INCI Isn’t Everything: Daft Punk Shows Us Why

Knowing the components of something doesn’t tell us their proportions, quality and properties, or how they’re put together.

Like how Daft Punk sampled Eddie Johns’ song “More Spell On You”; snipped, stretched, looped, and rearranged it into “One More Time” — ingredients can be remixed to create something new.

What is INCI? INCI or International Nomenclature of Cosmetic Ingredients is an English language ingredient dictionary and system of rules for naming the ingredients used in cosmetics.

If no INCI name or naming rule exists, other chemical, scientific, or common names can sometimes be used, depending on the region.

An ingredient list is just that, a list of ingredients. In some regions, the ingredients will be listed in decreasing concentration – some allow them to be listed in any order.

In the US the FDA regulations allow ingredients less than 1% in concentration to be listed in any order (after things higher than 1% in concentration).

Based on the ingredient list of this baked good:

Flour, Milk, Vegetable Oil, Egg, Sugar, Salt

Can you really tell what it is? It could be a cake, a crepe, a popover, a muffin, or pancakes. It could be a lot of things.

Having the concentration of the ingredients gives us a better idea. All this information is missing from an INCI list.

2 cups all-purpose flour

3 teaspoons baking powder

½ teaspoon salt

¾ cup white sugar

1 egg

1 cup milk

¼ cup vegetable oil

But the way that it’s put together is also very important (also information missing from an INCI list).

Step 1: Preheat oven to 400 degrees F (205 degrees C).

Step 2: Stir together the flour, baking powder, salt and sugar in a large bowl. In a separate bowl froth the egg with a fork, then add the milk and oil. Pour all at once into a well in the flour mixture. Mix gently until the batter is lumpy.

Step 3: Pour the batter into paper lined muffin pan cups.

Step 4: Bake for 25 minutes, or until golden.

Only now do we know that they’re muffins.

Just like the ingredient list of something we eat, a cosmetic or skincare ingredient list can provide us with valuable information.

It might highlight potential allergens or things we are looking to avoid. An ingredient list might give you a general sense of what it will be like. But it can’t tell you everything, and it’s not worth aching over.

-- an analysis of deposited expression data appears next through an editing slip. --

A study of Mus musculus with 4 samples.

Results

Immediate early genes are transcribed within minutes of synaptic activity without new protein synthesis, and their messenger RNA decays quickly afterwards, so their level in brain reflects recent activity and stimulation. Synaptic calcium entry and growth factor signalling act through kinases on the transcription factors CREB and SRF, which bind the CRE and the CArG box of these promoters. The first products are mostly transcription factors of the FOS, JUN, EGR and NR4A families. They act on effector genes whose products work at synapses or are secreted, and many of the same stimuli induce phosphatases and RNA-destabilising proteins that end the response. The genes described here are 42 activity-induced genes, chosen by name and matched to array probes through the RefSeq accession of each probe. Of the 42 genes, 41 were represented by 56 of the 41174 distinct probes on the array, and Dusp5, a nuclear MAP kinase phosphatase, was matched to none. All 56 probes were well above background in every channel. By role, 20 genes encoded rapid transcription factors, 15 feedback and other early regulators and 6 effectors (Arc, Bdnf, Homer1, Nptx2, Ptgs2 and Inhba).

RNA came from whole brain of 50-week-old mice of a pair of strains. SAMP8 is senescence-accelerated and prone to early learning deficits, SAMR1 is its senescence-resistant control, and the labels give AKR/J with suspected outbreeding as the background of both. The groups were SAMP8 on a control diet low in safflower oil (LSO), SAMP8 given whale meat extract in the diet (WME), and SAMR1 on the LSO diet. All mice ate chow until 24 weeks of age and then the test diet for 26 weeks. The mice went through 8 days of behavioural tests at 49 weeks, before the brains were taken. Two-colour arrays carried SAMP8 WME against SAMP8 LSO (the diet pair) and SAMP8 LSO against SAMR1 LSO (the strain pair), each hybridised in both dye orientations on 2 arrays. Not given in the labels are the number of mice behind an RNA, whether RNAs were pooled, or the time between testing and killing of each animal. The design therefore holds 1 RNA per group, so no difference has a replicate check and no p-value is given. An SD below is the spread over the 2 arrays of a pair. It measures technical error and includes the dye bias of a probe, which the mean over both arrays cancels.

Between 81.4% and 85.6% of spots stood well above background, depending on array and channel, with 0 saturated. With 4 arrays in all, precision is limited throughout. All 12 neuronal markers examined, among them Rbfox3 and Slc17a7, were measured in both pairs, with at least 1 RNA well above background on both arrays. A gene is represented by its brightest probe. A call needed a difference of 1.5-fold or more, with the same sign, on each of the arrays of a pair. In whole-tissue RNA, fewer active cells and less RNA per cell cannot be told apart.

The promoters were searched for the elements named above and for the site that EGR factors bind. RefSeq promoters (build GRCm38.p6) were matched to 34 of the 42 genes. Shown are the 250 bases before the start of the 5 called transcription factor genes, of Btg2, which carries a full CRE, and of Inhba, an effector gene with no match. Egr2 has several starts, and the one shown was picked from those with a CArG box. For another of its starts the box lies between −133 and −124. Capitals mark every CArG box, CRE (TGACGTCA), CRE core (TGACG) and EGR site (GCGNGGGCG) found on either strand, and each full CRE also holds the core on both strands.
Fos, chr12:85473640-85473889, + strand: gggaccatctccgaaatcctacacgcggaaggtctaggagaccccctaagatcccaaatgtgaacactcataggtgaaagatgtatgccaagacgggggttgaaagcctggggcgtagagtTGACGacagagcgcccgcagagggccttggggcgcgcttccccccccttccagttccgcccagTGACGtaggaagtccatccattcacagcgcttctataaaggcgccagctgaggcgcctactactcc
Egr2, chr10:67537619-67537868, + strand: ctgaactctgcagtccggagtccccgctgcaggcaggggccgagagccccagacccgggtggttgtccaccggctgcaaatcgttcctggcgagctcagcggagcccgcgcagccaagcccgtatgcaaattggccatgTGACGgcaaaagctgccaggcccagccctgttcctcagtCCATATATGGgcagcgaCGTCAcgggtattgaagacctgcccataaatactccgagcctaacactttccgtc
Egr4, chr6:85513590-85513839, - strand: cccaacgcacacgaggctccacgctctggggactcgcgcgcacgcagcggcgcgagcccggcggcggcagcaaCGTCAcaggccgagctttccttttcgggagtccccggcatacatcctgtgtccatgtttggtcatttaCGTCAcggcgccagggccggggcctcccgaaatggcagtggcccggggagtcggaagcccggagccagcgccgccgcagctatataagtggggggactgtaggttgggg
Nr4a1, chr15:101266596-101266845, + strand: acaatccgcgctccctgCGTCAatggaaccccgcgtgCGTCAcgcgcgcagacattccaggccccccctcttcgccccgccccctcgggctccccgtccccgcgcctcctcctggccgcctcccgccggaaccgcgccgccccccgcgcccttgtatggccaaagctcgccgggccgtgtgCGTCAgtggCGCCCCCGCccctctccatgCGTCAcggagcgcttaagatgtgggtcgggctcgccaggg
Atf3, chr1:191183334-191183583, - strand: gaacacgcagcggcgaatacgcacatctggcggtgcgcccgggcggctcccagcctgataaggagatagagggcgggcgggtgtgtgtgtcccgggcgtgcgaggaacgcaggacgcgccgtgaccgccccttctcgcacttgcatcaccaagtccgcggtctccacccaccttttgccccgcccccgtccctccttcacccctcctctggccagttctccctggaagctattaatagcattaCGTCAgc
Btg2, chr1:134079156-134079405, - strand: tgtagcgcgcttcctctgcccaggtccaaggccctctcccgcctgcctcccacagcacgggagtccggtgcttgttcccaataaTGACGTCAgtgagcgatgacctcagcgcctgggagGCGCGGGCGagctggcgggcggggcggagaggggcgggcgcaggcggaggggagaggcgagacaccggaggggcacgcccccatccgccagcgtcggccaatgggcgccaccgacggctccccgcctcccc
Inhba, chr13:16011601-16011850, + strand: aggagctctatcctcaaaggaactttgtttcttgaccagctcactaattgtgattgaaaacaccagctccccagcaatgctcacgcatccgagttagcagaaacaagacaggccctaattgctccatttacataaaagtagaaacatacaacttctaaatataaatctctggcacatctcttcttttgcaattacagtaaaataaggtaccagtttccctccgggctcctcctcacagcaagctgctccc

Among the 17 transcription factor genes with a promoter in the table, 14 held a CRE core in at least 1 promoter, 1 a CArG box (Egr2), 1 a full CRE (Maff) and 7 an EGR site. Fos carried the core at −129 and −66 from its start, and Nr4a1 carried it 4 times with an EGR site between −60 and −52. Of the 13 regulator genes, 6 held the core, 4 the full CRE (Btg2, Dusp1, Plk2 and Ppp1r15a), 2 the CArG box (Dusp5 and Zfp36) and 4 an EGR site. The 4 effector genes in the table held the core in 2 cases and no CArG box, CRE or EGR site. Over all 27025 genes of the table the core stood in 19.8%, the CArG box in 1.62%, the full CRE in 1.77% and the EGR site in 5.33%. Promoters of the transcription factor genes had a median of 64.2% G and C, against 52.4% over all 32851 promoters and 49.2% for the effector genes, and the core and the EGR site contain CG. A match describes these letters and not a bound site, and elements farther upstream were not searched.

You simply can’t divine concentrations, formulations, raw material information, and manufacturing processes if that information just isn’t there.

A vegan lanolin alternative made from plant oils


Today I wanted to share with you these plant oil based vegan alternatives to lanolin.

Lanolin is great at forming an emollient film on the skin, and reducing water-loss through evaporation from the skin. It’s very sticky which means it often remains on the skin longer than petrolatum and oils. Lanolin also has the interesting ability to absorb water, up to 200% in some cases.

Many people are allergic to lanolin and others, like the wonderful @phyrra, choose to use animal and cruelty-free products, but it’s difficult to get the same effect with natural alternatives. Lanolin is made up wax esters, lanolin alcohols, and lanolin acids which give it its unique properties.

I’ve come across other ingredients that are marketed as lanolin alternatives, but they’re often hydrogenated oils or plant butters. While they often have the melting point and waxiness of lanolin, they lack the stickiness and water absorption.

These have a similar stickiness and effect on the skin as lanolin, absorb around 200% water, and they’re made with components found in plant oils!

Plant oils (and many animal fats) are triglycerides. They are made up of three fatty acids attached to a glycerol molecule.

Below is the structure of tristearin, a triglyceride found in nutmeg! The blue part of the molecule is the glycerol. The long chains are fatty acids, 3 stearic acids are shown.


The company uses a patented method using radio frequency heating and catalysts to rearrange the molecules and attach extra glycerol molecules to the fatty acids. The results are biodegradable, safe, and the whole process adheres to many of the tenants of green chemistry. They’re also ECOCERT and COSMOS approved.

Below is glyceryl stearate, which is 1 glycerol molecule (in blue) attached to 1 stearic acid (in red).


The samples are organized from thinnest to thickest from left to right, and these changes are made by attaching differing amounts of glycerol to the fatty acids, or rearranging them in different structures.

As an example, in the molecule below, 3 glycerol molecules have been chained together to form triglyceryl stearate


These are great for balms, adding extra emollience to moisturizers, and even for keeping pigments from lipsticks on your lips! The company has also done human trials on these that have shown they have a long-term effect on moisture levels in the skin – similar to lanolin!

Alcaligenes Polysaccharides


This is a water gelling agent made from a Gram-negative bacteria, similar to xanthan gum.

A 0.001% concentration can thicken up a product quite nicely, which is good because it costs more than $10 000 for a kilo.

Beyond thickening water, it also has moisturizing properties, similar to hyaluronic acid.

Is it better or worth the money? I’m not sure – but if the popularity of this ingredient increases, the cost will go down. Much of the cost is the low yield from production. You can read more about how it’s produced here.

Japanese and Korean suppliers tend to have many unique and interesting raw materials, from my experience.

It’s found in a few commercial products, which are very luxury and expensive (as is to be expected).

Have you used a product that had this ingredient in it? Did you like it? Does knowing the cost of the raw material help justify the cost of the product for you?